Charles Taylor testifies at his war crimes trial


Taylor is the first African head of state to go on trial for war crimes before the international tribunal.
Former Liberian President Charles Taylor took the stand Tuesday as the first defense witness at his trial on war crimes charges at The Hague in the Netherlands.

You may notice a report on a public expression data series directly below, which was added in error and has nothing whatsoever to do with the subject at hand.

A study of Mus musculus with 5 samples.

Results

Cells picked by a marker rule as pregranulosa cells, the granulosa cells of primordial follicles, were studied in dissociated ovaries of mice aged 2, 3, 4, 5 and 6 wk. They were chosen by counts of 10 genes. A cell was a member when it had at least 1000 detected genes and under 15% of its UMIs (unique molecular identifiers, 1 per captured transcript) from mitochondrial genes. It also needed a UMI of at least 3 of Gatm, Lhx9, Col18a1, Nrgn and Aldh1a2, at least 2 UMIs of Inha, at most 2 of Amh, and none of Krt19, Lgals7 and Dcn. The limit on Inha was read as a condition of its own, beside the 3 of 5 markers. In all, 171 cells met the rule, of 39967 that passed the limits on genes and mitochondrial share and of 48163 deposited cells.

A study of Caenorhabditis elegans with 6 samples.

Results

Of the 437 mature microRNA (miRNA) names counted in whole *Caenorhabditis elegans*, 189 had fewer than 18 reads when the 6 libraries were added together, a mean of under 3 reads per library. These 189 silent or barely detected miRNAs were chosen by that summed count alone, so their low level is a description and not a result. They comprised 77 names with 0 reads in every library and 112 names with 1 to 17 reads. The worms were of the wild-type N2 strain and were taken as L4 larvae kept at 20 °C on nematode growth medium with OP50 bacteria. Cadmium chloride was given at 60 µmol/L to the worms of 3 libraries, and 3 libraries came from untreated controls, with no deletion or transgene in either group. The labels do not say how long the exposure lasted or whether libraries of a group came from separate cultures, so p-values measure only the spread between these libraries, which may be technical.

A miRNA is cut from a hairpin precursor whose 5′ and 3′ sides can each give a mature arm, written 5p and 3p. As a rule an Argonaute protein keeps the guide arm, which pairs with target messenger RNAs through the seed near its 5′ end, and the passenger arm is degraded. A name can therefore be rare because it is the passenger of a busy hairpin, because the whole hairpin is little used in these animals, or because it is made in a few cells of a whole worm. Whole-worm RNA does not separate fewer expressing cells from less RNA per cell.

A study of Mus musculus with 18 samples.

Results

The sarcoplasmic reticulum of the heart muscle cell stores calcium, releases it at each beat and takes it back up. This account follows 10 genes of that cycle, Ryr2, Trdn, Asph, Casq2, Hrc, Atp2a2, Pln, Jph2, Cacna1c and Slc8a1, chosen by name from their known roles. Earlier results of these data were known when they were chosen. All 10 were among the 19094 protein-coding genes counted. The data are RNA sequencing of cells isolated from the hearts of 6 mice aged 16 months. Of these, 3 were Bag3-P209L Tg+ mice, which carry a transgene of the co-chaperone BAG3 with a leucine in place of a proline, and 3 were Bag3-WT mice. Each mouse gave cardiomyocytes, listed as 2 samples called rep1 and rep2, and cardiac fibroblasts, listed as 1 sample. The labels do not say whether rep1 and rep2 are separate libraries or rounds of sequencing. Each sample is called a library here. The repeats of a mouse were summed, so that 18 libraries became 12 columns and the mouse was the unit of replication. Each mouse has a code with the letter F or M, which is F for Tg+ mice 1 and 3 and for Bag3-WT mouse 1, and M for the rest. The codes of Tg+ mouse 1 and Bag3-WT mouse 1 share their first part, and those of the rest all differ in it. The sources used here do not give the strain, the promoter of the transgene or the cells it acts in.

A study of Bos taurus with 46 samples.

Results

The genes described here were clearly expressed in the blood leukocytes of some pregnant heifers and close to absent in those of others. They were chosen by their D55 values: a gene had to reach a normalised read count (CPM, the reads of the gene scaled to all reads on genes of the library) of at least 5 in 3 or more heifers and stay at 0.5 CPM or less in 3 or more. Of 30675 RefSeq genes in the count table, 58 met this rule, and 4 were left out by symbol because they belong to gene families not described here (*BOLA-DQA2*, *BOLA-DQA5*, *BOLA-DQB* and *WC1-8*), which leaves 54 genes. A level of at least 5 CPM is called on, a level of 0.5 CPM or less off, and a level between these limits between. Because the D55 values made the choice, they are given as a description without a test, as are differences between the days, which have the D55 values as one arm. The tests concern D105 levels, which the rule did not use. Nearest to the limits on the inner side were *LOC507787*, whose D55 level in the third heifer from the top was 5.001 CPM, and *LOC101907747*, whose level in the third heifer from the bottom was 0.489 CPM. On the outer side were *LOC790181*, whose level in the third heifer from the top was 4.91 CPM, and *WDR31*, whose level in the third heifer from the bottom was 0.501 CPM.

Taylor, 61, is accused of fueling a bloody civil war in neighboring Sierra Leone that led to widespread murder, rape, and mutilation. The conflict ended in 2002. He has pleaded not guilty to 11 counts, including murder, sexual slavery, terrorism and torture. In his first statement to the court Tuesday, Taylor responded to accusations that he is a murderer and a terrorist. “It is quite incredible that such descriptions of me would come about. Very, very, very unfortunate that the prosecution — because of this information, misinformation, lies, rumors — would associate me with such titles or descriptions,” he said. “I am none of those, have never been, and will never be, whether they think so or not. “I am a father of 14 children, grandchildren, with love for humanity,” Taylor said. “[I] have fought all my life to do what I thought was right in the interest of justice and fair play. “I resent that characterization of me. It is false, it is malicious, and I stop there.” The war in Sierra Leone, which involved riches from the diamond trade, was fought largely by teenagers who were forced to kill, given addictive drugs to provoke violent behavior, and often instructed to rape and plunder. Taylor is charged with five counts of crimes against humanity, including murder, sexual slavery and violence, and enslavement. He also faces five counts of war crimes, including acts of terrorism and torture, and one count of other serious violations of international humanitarian law.